Most millennial millionaires have the bulk of their wealth in crypto, and they’re planning to add more in 2022 despite the recent price declines, according to the CNBC Millionaire Survey.
Fully 83% of millennial millionaires own cryptocurrencies, according to the survey, which polls investors with investible assets of $1 million or more (not including primary residences). More than half (53%) have at least 50% of their wealth in crypto and nearly a third have at least three-quarters of their wealth in bitcoin, ether and other types of cryptocurrency, according to the survey.
The crypto holdings of millennial millionaires stand in stark contrast to older generations of millionaires. Only 4% of baby boomers hold any cryptocurrency, while more than three quarters of Gen X investors don’t own any crypto, according to the survey.
A generational divide
The results suggest that crypto is creating a vast generational schism in investing and wealth creation. While older generations of millionaires are still largely skeptical of crypto and its future, cryptocurrencies have become the primary source of wealth creation and asset growth for many younger investors who got in early and have seen rapid returns.
“This is a big difference between different generations of wealth,” said George Walper, president of Spectrem Group, which conducts the survey with CNBC.
Despite the recent price declines in bitcoin and other crypto, millennial millionaires have no plans to dial back their crypto investing. About half (48%) plan to add to their holdings over the next 12 months, while another 39% plan to maintain their current crypto levels. Only 6% of millennial millionaires plan to reduce their crypto investments over the next year.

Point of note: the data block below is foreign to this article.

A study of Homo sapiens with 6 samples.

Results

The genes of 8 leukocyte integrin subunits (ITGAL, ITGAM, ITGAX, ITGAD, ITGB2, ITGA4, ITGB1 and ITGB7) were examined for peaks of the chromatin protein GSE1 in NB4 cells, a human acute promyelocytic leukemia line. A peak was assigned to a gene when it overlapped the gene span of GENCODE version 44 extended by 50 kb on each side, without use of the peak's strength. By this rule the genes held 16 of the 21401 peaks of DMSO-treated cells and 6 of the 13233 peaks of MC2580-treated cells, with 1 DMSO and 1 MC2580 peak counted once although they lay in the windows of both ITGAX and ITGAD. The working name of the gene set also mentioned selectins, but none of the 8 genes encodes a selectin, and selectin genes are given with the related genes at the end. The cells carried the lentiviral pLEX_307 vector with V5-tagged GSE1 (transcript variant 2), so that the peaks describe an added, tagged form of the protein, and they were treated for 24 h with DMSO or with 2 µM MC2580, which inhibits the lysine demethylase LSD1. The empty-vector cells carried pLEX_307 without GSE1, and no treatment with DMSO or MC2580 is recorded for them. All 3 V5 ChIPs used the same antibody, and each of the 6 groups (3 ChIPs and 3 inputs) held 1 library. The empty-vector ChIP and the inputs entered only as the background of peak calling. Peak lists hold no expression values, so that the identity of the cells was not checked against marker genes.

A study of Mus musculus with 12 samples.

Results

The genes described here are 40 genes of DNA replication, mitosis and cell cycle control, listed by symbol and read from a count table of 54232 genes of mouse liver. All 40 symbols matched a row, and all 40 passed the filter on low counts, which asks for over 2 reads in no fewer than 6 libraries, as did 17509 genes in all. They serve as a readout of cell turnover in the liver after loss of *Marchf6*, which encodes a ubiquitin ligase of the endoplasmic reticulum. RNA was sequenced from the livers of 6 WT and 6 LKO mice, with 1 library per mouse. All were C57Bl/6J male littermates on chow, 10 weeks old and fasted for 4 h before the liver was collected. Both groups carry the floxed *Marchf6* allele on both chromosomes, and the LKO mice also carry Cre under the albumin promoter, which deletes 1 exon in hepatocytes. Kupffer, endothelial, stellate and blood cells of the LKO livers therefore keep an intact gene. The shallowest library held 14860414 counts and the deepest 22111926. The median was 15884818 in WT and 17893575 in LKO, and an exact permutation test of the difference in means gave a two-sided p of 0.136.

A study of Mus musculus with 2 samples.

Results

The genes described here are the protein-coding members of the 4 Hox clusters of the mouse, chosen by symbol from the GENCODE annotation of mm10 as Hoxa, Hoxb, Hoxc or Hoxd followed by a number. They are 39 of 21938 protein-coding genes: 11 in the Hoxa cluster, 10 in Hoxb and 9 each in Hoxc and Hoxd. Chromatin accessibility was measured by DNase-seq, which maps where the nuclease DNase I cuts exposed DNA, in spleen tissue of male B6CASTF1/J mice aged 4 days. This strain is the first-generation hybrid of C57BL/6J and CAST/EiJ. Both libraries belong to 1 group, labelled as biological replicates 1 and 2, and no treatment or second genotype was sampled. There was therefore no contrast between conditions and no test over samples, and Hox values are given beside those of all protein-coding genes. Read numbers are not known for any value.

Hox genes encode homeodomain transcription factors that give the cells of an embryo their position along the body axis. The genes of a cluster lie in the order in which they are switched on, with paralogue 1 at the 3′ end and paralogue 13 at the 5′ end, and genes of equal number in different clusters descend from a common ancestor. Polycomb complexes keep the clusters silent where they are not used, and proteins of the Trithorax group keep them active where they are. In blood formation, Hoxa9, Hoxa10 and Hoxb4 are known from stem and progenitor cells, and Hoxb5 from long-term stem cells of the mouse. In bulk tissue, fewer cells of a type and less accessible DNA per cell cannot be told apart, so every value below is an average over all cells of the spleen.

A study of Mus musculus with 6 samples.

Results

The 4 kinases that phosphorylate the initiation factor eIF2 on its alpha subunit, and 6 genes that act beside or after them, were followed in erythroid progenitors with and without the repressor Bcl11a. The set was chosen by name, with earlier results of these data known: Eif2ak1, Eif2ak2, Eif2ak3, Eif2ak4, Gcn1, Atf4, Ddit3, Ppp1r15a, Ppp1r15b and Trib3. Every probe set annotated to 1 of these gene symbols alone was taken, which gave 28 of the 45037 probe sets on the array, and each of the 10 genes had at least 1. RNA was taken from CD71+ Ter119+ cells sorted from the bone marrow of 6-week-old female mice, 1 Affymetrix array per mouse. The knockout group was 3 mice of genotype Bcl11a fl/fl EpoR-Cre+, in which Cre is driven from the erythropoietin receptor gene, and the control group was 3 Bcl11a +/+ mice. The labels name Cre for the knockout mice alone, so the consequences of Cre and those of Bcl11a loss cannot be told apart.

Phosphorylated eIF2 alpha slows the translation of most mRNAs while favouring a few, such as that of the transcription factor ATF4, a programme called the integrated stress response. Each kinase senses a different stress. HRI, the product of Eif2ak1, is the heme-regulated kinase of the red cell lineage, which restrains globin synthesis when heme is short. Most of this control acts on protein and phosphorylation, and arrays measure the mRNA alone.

A dilemma for wealth managers
With so many millennials and Gen Z investors becoming millionaires from the crypto economy, it’s likely to remain central to their investing in the coming years. That’s created a new dilemma for wealth management firms. Most of the existing business of private banks, wealth management firms and advisors comes from wealthier older clients who don’t want crypto and its associated risks in their portfolio or products. Yet their future relies on the next generation clients — who are demanding crypto products and advice.
“I’m not sure the wealth management industry has recognized that they really need to think of these as completely different generations,” Walper said. “Most firms were hoping to ignore it. But millennial millionaires are not going to just ‘grow out’ of crypto.”
Walper said many wealth management firms are reluctant to add crypto directly to their investing platforms due to the legal and performance risks. Yet with a growing number of crypto financial products becoming available, including crypto-based ETF’s, many more firms are now able to start offering crypto products to younger investors.
“That allows them to offer exposure to bitcoin and other crypto, without being a direct holder,” he said.
Walper said there are two broad categories of millennial crypto investors — those who made their millions from crypto, and those who added to their existing wealth (mainly received from inheritance or start-ups) by investing in crypto. Fully 45% of millennial millionaires credited inheritance as a factor in their wealth, according to a Spectrem survey. Among millennials worth $5 million or more, inheritance was the top factor (at 75%) in their wealth.
At the same time, millennials who got in crypto years ago, with small stakes from their incomes, have become self-made millionaires thanks to crypto returns that have vastly outperformed stocks and other asset classes. The question now is whether millennials stay in the crypto market — and in the ranks of millionaires — if bitcoin and other tokens have a prolonged decline.
“They seem to be comfortable with the volatility,” he said.